Two-Thirds of European Firms Have Started Zero Trust


The analyst house, which first coined the term over a decade ago, said a further 15% were planning to adopt zero trust tech.

Its new report, Zero Trust Comes Into The Mainstream In Europe, Forrester also claimed that public sector organizations are taking a lead in the region.

“Among European security decision makers at government or public sector organizations, 82% believe their enterprise architecture is invested in and supports zero trust in their organization, compared to 72% of security decision makers at non-governmental or public sector organizations,” the report noted.

“Recent geopolitical events have increased the focus on improving cybersecurity of critical infrastructure. Regulations such as NIS2 aim to standardize cybersecurity methodologies across EU member states, and zero trust philosophies will be invaluable in ensuring effective integration and cross-functionality.”

It appears that many of those who are accelerating zero trust plans are being driven to do so from their experiences in the past. All of those implementing or improving zero trust solutions have suffered at least one breach in the past 12 months that impacted key business processes or incurred cyber insurance penalties, the report stated.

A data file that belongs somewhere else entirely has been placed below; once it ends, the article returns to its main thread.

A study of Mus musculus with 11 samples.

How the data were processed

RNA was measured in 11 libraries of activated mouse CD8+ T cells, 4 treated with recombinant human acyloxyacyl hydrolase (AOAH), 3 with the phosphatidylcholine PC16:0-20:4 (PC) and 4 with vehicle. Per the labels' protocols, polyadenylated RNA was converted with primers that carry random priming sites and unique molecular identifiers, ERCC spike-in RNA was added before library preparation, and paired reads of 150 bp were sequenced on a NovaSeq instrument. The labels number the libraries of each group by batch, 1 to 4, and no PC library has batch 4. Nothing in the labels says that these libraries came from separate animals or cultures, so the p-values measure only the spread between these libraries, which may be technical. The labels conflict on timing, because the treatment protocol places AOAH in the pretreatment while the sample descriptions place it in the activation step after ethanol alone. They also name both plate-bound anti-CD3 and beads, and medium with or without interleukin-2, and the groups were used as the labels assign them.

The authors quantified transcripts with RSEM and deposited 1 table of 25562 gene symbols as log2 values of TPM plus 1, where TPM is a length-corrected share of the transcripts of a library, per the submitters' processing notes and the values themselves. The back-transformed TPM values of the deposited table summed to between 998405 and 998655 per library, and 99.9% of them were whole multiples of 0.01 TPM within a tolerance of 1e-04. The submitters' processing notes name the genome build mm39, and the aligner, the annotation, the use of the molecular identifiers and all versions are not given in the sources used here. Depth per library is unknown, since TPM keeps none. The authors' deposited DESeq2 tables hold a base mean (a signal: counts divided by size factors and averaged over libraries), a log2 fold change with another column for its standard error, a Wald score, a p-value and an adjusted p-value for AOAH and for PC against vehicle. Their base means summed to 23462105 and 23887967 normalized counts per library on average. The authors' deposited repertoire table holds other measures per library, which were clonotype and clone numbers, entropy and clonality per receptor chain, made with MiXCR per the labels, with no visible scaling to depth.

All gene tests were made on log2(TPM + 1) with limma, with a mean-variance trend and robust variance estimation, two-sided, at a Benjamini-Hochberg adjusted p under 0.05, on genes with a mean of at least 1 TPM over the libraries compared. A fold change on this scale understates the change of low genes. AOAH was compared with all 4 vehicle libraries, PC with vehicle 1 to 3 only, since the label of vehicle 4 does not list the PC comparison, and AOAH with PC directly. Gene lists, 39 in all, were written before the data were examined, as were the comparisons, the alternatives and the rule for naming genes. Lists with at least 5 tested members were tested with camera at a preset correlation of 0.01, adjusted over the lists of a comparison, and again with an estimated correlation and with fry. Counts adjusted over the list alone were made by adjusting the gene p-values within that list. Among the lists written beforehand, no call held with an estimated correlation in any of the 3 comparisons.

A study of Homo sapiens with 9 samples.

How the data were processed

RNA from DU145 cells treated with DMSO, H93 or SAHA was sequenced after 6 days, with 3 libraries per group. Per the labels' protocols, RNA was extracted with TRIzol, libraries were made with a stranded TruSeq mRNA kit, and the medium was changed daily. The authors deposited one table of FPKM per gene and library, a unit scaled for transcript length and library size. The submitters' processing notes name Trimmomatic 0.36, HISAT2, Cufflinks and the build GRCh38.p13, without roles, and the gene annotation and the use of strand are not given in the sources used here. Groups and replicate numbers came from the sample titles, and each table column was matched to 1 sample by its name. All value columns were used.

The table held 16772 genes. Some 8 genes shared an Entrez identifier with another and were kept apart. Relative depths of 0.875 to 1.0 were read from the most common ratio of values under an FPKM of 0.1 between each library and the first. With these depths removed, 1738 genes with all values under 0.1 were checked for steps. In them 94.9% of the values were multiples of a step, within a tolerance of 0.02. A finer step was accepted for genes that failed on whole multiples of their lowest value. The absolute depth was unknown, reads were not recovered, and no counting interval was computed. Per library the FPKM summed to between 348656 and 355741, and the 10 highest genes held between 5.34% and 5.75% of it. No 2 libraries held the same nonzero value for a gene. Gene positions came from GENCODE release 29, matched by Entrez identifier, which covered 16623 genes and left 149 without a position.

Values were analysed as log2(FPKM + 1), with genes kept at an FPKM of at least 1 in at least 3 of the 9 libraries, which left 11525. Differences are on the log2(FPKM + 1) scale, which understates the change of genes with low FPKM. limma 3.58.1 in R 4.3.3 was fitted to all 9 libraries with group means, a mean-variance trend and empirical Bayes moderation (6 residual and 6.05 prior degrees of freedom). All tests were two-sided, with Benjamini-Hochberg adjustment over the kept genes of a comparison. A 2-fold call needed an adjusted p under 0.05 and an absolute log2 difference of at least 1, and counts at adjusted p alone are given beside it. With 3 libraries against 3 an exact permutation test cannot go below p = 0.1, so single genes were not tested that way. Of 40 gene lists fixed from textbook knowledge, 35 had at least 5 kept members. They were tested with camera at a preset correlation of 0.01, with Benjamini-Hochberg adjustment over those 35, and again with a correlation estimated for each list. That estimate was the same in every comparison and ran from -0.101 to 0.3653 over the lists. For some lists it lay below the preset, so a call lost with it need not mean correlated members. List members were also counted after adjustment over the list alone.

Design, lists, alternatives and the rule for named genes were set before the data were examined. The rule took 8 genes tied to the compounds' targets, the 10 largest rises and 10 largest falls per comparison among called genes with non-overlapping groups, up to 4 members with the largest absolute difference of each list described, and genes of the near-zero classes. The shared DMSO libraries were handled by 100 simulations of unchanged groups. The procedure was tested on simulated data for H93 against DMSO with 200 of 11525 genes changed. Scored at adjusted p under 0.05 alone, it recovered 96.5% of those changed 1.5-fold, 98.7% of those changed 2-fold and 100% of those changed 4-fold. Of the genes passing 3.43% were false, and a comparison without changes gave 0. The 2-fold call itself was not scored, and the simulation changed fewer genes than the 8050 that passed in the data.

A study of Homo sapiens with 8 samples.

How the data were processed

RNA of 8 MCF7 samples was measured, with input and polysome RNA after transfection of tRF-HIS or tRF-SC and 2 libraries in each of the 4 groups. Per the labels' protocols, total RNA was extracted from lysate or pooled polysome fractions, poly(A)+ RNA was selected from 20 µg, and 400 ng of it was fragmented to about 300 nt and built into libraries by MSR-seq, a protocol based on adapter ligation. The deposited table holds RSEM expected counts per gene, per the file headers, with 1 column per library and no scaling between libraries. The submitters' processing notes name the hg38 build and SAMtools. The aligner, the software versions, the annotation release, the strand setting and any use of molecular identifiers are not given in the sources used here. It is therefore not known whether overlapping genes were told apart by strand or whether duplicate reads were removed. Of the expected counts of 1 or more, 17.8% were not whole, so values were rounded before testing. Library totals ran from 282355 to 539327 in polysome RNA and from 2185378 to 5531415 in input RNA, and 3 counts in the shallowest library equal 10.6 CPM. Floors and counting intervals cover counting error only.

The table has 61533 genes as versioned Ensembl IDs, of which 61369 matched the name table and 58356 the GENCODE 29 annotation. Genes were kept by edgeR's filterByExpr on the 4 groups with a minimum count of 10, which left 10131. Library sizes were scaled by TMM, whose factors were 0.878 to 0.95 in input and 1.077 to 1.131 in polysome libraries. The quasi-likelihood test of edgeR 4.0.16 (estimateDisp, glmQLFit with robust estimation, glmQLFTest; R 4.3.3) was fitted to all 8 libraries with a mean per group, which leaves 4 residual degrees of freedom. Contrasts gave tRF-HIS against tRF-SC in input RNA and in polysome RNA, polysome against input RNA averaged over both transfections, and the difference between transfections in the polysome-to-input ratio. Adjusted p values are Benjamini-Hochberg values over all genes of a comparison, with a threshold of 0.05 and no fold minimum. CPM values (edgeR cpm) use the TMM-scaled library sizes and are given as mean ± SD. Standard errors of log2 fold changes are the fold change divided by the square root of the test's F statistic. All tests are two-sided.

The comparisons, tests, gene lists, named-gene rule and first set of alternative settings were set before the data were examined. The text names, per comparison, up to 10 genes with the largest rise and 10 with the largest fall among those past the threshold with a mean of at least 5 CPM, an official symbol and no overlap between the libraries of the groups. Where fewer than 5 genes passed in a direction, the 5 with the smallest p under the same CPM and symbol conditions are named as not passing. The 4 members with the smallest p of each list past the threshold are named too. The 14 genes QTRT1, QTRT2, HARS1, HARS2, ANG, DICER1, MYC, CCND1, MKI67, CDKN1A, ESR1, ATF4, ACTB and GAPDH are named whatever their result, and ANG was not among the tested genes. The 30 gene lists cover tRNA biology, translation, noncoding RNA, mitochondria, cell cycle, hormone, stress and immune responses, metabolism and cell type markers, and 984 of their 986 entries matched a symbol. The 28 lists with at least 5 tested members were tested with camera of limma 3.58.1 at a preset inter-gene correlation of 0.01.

German organizations appear to be most committed to the cause: 79% said it was a priority versus 68% in the UK and 66% in France.

However, there are still roadblocks to furthering zero trust plans across Europe. Forrester senior analyst Tope Olufon pointed to regulatory challenges as key. Specifically, implementation of user behavioral analytics and privileged session monitoring is problematic given local privacy laws and strong worker representation.

“Zero trust is driven by data, which naturally raises questions around privacy. Initiatives such as identity and access management involve additional consideration to avoid infringing on employee rights and running foul of regulation,” said Olufon.

“On the topic of data, collection is just one part of the complexity; where the data is sent to and stored also introduces new considerations. As regulation tightens about how European data is generated, security leaders need to consider how the data needed to power zero trust is handled.”